On 25 July 2020, Tunisian President Kais Saied tapped Hichem Mechichi to form a new government, following the resignation of Prime Minister Elyas Fakhfakh, whose government lasted a brief, though stormy, five months marred by allegations of conflict of interest and a vote of no-confidence. A former interior minister and advisor to the president, Mechichi faces the daunting task of navigating a complex, deeply polarised, and fragmented political landscape to form a durable government that can begin to address the severe social and economic problems facing Tunisia, now exacerbated by the coronavirus epidemic. Failure would not only spell early elections, but could also undermine Tunisia’s democratic experiment.
The roots of the current political deadlock lay in the outcome of the 2019 elections. The presidential race saw the victory of an outsider candidate with no base or experience in the conventional political order, not beholden or bound to any party or constituency, or even clear ideology. Suspicious of party politics, the president has proposed restructuring the political order around decentralised local assemblies. This, combined with his unilateral governing style, has not endeared him to many parliamentarians and politicians. On the legislative side, the elections ushered in an extremely fragmented, diverse parliament. The biggest winner, Ennahda, took less than a quarter of parliamentary seats, and several smaller parties entered with just a handful. The result has been a factious political landscape that is not amenable to consensus politics or stable coalitions. In many cases, the president has seemed only too happy to let the parliamentary deadlock and disputes fester, perhaps reasoning that a dysfunctional parliament would erode faith in the existing system, providing additional justification for his proposed new order and shoring up his own legitimacy.
Mechichi was an unexpected pick—something of an outsider, like the president. In naming him the president rejected the favoured candidate of a majority of parliament, Mohamed Fadel Abdel Kafi. Thanks to that support, Abdel Kafi would have been well positioned to form a broad-based government and build the trust and consensus necessary to confront the country’s socioeconomic problems.
Mechichi has one month to form his government, and it remains unclear whether he will attempt to cobble together a party coalition or bring in independent figures. His best chance of success is to exploit his partisan independence to maintain an equal distance from all the conflicting parties while trying to build a broad political consensus. But he will likely not have an easy time, particularly when dealing with Ennahda and the Heart of Tunisia, the two parties that brought the no-confidence vote against Fakhfakh and combined have more than 100 seats in the assembly. Their support will be key, but even if he gains it, he will still not have a clear parliamentary majority and the two parties could revoke subsequently their support. The backing of the two other major parties, the Democratic Current and the People’s Movement, is more certain, but is conditional on those two parties maintaining their own united front, which is less certain in the long term. In short, even if Mechichi’s government receives a vote of confidence, there is still the possibility of renewed deadlock a few months down the road, but this time the consequences may be more severe, as economic conditions are expected to worsen due to the impact of the coronavirus.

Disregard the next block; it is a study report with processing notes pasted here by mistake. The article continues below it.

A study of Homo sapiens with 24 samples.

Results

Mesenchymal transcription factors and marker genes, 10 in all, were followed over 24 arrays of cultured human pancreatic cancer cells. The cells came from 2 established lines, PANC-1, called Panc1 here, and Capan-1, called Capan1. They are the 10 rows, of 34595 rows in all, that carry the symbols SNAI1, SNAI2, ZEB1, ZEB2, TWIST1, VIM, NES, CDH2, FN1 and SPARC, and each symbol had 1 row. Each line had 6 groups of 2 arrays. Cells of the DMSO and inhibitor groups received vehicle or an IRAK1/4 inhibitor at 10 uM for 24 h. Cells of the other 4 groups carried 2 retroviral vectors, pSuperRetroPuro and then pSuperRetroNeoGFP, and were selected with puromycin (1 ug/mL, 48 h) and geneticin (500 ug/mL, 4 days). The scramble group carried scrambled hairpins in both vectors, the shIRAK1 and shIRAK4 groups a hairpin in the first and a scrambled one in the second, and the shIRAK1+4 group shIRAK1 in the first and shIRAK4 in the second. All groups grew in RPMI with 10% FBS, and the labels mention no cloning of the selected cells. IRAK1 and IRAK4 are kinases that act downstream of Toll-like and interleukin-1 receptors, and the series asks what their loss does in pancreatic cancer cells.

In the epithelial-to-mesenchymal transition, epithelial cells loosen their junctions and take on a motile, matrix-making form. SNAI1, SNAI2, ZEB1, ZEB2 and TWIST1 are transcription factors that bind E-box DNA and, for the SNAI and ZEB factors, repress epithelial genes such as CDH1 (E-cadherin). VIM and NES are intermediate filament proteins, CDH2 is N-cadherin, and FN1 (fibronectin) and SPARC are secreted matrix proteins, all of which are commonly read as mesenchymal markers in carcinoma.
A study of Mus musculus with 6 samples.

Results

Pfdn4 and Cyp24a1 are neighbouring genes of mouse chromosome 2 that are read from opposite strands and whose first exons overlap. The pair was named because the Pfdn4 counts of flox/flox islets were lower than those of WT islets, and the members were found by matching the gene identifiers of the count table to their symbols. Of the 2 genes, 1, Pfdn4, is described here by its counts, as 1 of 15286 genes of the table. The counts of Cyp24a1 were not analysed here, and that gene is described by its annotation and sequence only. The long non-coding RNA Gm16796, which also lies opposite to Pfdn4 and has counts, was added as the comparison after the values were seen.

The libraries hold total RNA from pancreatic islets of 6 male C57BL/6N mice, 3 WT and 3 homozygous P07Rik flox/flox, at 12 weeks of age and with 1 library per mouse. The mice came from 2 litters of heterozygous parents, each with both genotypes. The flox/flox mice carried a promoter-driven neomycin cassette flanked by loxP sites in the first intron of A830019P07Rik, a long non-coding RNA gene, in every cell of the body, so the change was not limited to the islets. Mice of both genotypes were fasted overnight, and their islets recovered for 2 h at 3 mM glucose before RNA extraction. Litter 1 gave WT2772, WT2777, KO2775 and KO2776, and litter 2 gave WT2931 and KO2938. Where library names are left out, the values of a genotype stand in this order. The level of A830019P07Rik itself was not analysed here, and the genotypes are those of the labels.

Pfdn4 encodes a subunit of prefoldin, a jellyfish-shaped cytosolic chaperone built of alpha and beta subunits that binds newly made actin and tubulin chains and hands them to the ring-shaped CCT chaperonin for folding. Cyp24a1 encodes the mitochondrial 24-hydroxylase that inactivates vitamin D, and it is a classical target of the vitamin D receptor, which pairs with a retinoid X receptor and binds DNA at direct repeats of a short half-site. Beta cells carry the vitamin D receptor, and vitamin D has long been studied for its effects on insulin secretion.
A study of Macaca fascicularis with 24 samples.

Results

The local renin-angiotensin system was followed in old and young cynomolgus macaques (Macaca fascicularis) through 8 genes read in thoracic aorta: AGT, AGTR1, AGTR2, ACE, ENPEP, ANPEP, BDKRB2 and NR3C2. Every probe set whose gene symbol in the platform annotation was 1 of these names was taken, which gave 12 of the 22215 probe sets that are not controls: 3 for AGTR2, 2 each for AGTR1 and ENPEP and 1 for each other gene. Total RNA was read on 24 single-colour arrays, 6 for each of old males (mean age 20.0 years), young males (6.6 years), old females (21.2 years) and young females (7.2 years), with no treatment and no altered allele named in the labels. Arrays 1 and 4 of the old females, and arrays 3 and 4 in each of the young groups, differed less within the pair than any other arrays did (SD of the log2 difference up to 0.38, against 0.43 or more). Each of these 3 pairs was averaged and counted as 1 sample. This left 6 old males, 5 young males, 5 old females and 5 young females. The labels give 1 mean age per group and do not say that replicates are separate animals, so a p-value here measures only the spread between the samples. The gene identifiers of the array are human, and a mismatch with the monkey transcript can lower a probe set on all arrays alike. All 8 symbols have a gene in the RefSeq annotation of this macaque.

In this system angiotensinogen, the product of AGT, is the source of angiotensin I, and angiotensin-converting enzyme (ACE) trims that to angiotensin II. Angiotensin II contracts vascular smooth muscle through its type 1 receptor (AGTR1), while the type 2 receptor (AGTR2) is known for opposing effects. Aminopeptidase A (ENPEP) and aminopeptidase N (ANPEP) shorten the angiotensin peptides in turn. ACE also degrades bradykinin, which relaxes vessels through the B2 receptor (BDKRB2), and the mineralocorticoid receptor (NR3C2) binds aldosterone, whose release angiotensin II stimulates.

More important are the possible secondary effects of the Mechichi choice on the trajectory of democracy and the role of political parties in Tunisia. Firstly, the political crisis in Tunisia cannot be understand, in its causes or effects, without looking at the intersections between domestic and foreign agendas in the wider Arab world. In particular, the conflict in Libya has had and will have an important impact on the Tunisian political landscape, as domestic parties are increasingly lining up behind various competing forces in Libya and the so-called counterrevolutionary Arab bloc would like nothing more than to see Tunisia succumb to the fate of the rest of the Arab Spring states.
Secondly, by choosing Mechichi, President Saied has laid the groundwork to allow him to exercise greater executive power and perhaps impose his vision of a differently structured political order. If Mechichi populates his government with nonpartisan figures, it will give added momentum to this trend and will further fuel tensions between the legislature and the executive. In that case, the major parliamentary players will need to act quickly to confirm the constitutional court and amend the election law, in order to retake the initiative from the president and breathe new life into the democratic process.
*This is a summary of a policy brief originally written in Arabic, available here: https://studies.aljazeera.net/ar/article/4745.